President Abdulla Yameen’s ambitious infrastructure projects could transform the Maldives’ economy in the long-run, but poses financing risks due to persisting fiscal deficits and high levels of public debt, the International Monetary Fund has said.
After concluding annual consultations with the government, a visiting IMF mission said in a statement today that the “unprecedented scale up in public infrastructure” – including the expansion of the international airport and construction of the Malé-Hulhulé bridge – could boost tourism capacity and prove transformational “if implemented successfully, together with supportive education and employment policies”.
But financing the projects could significantly add to fiscal risks, the IMF cautioned.
“The 2016 budget is expansionary, it includes substantial external borrowing for the mega infrastructure projects, adding to already elevated public debt,” reads the statement.
With government expenditure outstripping income in recent years, public debt reached 75 percent of GDP or more than US$2 billion at the end of 2014.
Despite forecasting a budget deficit of MVR1.3 billion (US$84 million) for 2015, Finance Minister Abdulla Jihad told the parliament in November that the figure was likely to reach MVR3.6 billion (US$233 million) – 6.9 percent of GDP – after failing to realise anticipated income from new revenue raising measures, including US$100 million as acquisition fees from investments in Special Economic Zones.
The revenue shortfalls were plugged through the sale of treasury bills and bonds. At the end of November, the outstanding government securities reached MVR19.5 billion (US$1.2 billion).
The IMF advised bringing the fiscal position under control, “together with careful capital expenditure management, to prevent a growing imbalance,” and help loan repayment.
“This will require striking the right balance between fiscal consolidation on the one hand and enabling prioritised capital expenditures on the other, in an uncertain external environment,” the IMF said.
The IMF recommended a number of measures to increase revenue and curtail spending, including broadening the base for business profit tax and increasing rates for other taxes and tariffs.
Aside from tax hikes, the IMF also recommended introducing user fees for commercial and leisure use in key projects such as the bridge.
The mission welcomed the government’s plans to target subsidies and reform the public sector, “which are important to help stabilise debt and will take time to be carefully planned and implemented.”
Savings could also be made through curbing rising healthcare costs, improving oversight of state-owned transport and utility companies, and “continuing to promote greater use of renewable energy.”
The Maldives meanwhile stands to gain concessional financing to promote climate resilient development after the landmark climate change deal reached in Paris COP 21, the IMF said.
Speaking to the press today, Alison Stuart, who led the IMF mission, said the climate agreement presents “a window of opportunity for the Maldives” to secure financing from developed economies.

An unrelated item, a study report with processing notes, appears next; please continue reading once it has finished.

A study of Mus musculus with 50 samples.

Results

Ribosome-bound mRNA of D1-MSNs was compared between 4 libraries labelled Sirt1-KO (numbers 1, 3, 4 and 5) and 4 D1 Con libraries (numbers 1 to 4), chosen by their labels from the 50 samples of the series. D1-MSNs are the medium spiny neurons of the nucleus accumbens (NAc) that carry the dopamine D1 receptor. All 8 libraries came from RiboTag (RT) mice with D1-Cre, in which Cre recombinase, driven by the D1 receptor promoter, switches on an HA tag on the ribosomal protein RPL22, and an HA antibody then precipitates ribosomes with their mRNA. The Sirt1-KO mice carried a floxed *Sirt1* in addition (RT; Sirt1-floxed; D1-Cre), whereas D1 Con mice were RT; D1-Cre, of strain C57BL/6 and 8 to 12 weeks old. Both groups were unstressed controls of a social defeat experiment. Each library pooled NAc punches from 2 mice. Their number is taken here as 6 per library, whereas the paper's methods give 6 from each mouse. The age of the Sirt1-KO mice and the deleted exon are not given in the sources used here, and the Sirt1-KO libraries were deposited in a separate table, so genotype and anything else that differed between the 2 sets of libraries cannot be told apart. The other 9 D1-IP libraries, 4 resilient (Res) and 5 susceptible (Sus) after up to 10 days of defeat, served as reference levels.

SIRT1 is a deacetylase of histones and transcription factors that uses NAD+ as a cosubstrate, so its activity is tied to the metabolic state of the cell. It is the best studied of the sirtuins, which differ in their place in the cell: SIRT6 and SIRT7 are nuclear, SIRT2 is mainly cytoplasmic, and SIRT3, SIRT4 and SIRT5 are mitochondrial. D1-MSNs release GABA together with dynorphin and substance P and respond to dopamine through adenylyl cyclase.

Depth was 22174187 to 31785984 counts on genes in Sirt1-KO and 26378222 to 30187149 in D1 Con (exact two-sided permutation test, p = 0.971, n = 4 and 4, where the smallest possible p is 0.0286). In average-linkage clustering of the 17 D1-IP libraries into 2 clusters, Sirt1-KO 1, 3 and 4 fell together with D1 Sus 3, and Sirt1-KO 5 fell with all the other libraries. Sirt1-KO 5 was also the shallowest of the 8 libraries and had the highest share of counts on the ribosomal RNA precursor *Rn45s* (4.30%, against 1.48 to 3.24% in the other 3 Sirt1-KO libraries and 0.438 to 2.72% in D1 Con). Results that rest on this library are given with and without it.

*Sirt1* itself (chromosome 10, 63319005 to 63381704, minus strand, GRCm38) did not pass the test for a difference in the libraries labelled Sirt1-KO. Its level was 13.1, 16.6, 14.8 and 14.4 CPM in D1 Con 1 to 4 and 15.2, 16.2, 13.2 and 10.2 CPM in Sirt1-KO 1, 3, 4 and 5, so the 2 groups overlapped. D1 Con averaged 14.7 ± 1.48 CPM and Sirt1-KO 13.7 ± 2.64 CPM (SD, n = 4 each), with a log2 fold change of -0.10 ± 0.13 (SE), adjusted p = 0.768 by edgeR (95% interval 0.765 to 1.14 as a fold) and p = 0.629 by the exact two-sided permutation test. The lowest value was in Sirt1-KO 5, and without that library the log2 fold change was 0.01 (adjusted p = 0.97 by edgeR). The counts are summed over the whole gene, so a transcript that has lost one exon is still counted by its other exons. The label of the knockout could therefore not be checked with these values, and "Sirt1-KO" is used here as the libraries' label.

The IMF also referred to policies pursued by successive governments to incentivise voluntary resettlement, which “will take time as it requires a change in the social fabric but will reap multiple benefits.”
The current administration plans to relocate 70 percent of the Maldives’ population – currently scattered across 188 islands – to a new ‘Youth City’ being developed in the capital’s suburb Hulhumalé.
“The development of regional hubs and greater transport connectivity would help adapt to climate change, promote economic diversification and reduce the cost of public service provision including in critical areas of health, education, and water management,” the statement continued.
“Building on the climate change adaptation plan, establishing a detailed national development strategy would help ensure that plans are coherent, well coordinated and sequenced, and that they create employment opportunities and access to housing.”
Stuart meanwhile said that the IMF was “surprised” by the slowdown of the Maldivian economy in 2015 on the back of a weaker than expected performance by the critical tourism industry.
The government had revised its forecast for economic growth in 2015 from 8.5 percent to 4.8 percent.
While the tourism industry is expected to rebound in 2016, Stuart warned of the impact of “strong economic headwinds to growth from the global economy,” including the slowdown of the Chinese economy.
Chinese tourists accounted for nearly one-third of visitors to the Maldives in 2015.
The appreciation of the US dollar against the Euro could also adversely affect arrivals from key European markets, she noted.
But the increased capacity at the airport could help transform the Maldives from “a niche, luxury market to a broader tourism market, including the mid-size and small guesthouse sectors.”
Along with opportunities for growth, the tourism sector could also face challenges from “more intense competition both domestically and abroad.”